A number of effects on the seabed habitats result from scallop dredging. Tracks are created on the seabed, fine sediments are lifted into suspension and large rocks can be overturned30,40,42,45. A mound of sediment may be carried in front of the toothed bar and deposited around the sides in distinct ridges, most obviously in the case of the spring-loaded dredges33.

There are reports of the top 100 mm of sediment being disturbed by scallop dredging which has the effect of smoothing out the surface with pits and depressions being filled in and mounds removed3. These physical changes as well as the track marks may still be present months later depending on the conditions at the site. Where there is little current movement the tracks may be visible for a long time and even a relatively minor fishery may have a significant cumulative effect on bottom microtopography30.

Significant decreases in the abundance and number of species have been recorded from dredged areas although, depending on the conditions at the site, seasonal and inter-annual changes such as storm events, may be greater than those caused by dredging3,16,44,69. It should also be noted that the maximum impact may not be immediate, suggesting that some indirect ecological changes such as exposed organisms becoming more vulnerable to predation, may be taking place3. In one study a 20-30 % decrease in abundance of most species was recorded 3.5 months after dredging, and some differences were still apparent after 8 months. Fragile groups such as nemerteans (unsegmented worms) were directly affected and showed considerable damage3. In another study more than 50 % of the common taxa of macrofauna were affected and significant differences from adjacent reference plots were still apparent after 3 months88. The collection and sorting of stones and shells by the dredge can also have an impact by removing encrusting sponges, hydroids, and small anemones and, by reducing habitat complexity may lead to increased predation on juveniles of some harvestable species71. Burrowing and tube dwelling infauna may be less affected than epifauna42. In a study carried out in the Skomer Marine Nature Reserve the numbers of sea anemones, Cerianthus lloydii, Mesacmae mitchellii, and the sand mason worm, Lanice conchilega, within and alongside dredge paths were similar to pre-dredge levels several weeks later. Fragile species such as the bristle worm, Filograna implexa, and the ross coral, Pentapora foliacea, appear to be particularly vulnerable42,44. Slow growing species will not be able to recover to pre-dredging numbers or sizes even if there is no dredging for several years. In common with other forms of dredging, predatory fish, whelks and hermit crabs are attracted to the track to feed on damaged and exposed animals30,33.

Effects of scallop dredging across seagrass beds have also been investigated and show significant reduction in seagrass biomass and shoot numbers on both soft and relatively hard seabeds with the potential for both short and long-term effects on settlement of juvenile scallops and other invertebrates85.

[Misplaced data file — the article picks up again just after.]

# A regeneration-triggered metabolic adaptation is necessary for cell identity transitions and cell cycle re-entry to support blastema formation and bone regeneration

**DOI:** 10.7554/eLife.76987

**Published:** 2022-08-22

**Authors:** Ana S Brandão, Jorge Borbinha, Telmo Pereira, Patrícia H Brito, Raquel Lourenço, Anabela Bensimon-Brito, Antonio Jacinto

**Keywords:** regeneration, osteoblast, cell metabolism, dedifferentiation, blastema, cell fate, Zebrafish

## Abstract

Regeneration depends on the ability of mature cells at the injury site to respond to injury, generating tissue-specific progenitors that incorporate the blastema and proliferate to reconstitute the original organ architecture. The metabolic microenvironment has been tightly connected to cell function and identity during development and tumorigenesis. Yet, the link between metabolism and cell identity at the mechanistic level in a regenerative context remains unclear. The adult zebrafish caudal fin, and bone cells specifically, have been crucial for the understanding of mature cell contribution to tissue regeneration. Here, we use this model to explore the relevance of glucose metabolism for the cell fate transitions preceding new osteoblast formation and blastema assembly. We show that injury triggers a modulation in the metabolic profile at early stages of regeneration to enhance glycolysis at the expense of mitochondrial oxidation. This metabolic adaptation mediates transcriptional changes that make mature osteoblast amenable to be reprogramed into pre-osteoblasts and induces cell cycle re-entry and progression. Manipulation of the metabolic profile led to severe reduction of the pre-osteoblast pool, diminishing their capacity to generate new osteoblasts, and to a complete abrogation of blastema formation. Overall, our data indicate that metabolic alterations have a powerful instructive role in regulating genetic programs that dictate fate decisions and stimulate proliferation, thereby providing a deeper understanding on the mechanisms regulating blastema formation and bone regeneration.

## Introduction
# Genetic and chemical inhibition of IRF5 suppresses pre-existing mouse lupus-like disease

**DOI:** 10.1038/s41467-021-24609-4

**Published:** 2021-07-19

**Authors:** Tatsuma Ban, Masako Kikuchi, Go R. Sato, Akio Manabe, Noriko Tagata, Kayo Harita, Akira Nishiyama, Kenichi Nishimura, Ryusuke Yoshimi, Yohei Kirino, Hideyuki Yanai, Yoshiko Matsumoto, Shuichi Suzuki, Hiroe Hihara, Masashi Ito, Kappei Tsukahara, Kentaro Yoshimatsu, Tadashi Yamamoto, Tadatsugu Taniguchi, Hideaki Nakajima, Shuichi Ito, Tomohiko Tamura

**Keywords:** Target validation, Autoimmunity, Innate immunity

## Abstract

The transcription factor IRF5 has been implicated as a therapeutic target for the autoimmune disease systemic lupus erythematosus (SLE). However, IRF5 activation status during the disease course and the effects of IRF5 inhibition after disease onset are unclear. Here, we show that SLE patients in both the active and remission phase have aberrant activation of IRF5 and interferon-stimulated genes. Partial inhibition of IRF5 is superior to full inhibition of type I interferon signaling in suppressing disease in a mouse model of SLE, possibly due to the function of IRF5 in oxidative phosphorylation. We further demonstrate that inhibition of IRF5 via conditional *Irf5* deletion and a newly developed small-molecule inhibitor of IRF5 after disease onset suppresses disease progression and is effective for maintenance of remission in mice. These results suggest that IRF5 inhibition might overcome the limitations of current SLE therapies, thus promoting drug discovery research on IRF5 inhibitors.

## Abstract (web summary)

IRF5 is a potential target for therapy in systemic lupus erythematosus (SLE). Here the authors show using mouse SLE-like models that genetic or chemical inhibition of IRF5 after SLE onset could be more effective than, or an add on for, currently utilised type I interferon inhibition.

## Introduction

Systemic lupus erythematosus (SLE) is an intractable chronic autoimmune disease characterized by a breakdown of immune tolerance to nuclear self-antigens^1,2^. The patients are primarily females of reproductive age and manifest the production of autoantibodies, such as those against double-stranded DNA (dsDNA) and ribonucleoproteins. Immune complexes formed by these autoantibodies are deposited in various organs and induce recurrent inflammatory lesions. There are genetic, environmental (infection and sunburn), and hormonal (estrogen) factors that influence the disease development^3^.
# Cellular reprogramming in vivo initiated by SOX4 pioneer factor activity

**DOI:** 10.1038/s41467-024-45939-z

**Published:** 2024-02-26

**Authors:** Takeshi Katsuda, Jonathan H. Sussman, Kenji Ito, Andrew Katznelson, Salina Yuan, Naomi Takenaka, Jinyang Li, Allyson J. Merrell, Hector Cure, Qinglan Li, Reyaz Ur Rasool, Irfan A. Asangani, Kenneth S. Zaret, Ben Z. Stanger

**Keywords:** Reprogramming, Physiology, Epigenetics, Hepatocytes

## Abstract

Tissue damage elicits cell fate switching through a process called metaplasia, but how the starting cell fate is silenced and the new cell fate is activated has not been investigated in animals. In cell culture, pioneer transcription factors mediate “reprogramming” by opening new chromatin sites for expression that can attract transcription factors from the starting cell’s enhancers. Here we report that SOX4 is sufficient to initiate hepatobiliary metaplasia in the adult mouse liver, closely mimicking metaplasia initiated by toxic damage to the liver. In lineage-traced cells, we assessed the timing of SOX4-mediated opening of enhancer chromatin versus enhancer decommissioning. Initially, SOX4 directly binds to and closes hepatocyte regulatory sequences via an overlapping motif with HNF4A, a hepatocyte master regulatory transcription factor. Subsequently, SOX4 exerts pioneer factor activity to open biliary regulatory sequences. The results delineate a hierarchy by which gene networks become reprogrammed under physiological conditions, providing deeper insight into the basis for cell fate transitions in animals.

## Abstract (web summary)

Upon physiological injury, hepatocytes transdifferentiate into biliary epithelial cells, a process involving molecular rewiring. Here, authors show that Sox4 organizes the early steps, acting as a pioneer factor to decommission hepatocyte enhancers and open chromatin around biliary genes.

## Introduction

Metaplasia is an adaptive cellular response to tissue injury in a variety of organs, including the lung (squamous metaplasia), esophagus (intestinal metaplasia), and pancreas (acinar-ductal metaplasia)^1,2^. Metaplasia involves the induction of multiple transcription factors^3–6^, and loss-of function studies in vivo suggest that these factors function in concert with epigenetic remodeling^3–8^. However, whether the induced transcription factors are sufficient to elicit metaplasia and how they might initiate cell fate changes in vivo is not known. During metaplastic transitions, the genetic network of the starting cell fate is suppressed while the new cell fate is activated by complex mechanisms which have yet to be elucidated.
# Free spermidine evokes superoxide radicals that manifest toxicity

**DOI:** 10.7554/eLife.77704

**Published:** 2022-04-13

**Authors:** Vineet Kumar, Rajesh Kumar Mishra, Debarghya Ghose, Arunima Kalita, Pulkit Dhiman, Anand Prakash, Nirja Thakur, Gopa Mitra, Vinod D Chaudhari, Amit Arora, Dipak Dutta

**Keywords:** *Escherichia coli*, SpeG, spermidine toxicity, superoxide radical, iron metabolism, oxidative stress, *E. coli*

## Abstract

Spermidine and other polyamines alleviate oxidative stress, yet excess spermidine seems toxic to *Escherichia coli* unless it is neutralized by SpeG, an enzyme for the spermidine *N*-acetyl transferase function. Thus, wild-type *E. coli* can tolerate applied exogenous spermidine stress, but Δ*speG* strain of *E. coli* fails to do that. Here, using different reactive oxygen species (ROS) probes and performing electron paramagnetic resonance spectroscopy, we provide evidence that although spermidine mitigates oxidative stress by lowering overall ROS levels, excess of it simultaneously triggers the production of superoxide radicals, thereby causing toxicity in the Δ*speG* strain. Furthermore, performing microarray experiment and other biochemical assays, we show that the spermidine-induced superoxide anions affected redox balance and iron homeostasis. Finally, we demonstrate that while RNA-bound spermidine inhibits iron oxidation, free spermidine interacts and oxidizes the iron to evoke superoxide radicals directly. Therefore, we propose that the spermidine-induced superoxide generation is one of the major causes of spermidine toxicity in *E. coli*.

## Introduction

Investigations into scallop dredging across maerl beds show a major effect on the structure of the habitat and its associated biota16. The teeth of the dredge may penetrate up to 100 mm and as sediment is suspended by the trawl, fine fractions can be eroded away. Microtopographical effects can be clearly visible 8 months after dredging. Large macroalgae can be torn up and large animals, including highly mobile species can be caught by the dredge. Maerl is crushed and killed through burial which in turn limits opportunities for habitat recovery. The deposition of fine sediment over adjacent areas, smothering of photosynthetic organisms and stress on filter feeders may also occur. Scallop dredging can also have an impact on harder substrates as discussed in the section dealing with reefs.

On gravelly seabeds around the Isle of Man, community composition has been shown to be related to the intensity of commercial dredging effort86. Effects may differ from those in areas of soft sediment due to the extreme patchiness of animal distribution, greater abundance of epifauna and the combined effect of the toothed gear and stones caught in the dredges. Impacts may also be apparent in lightly dredged areas, including the loss of a number of species including some potentially fragile tube-dwellers85.

There are very few studies which compare the fauna of dredged and undredged areas and therefore give clues about possible long term effects of dredging which may be different from short or medium term effects. One example is a study currently underway off the Isle of Man57, 86. Provisional results show differences in the epifaunal communities including greater species numbers in the area closed to fishing even under conditions of considerable seasonal variation. A higher density of shallow burrowing and epibenthic species (particularly those noted for their vulnerability to dredging such as the bryzoan, Cellaria fistulosa, and the common sea urchin, Echinus esculentus) have been recorded at the undredged sites. Long-lived and slow recruiting epifauna such as sponges and ascidians are likely to be particularly vulnerable. There is no evidence of longer-lived benthic species being more prevalent at the undredged sites at the moment and it is suggested that this could be due to the relatively short time since effective closure of the area to dredging giving another indication of the time scales required for these species to become re-established in dredged areas.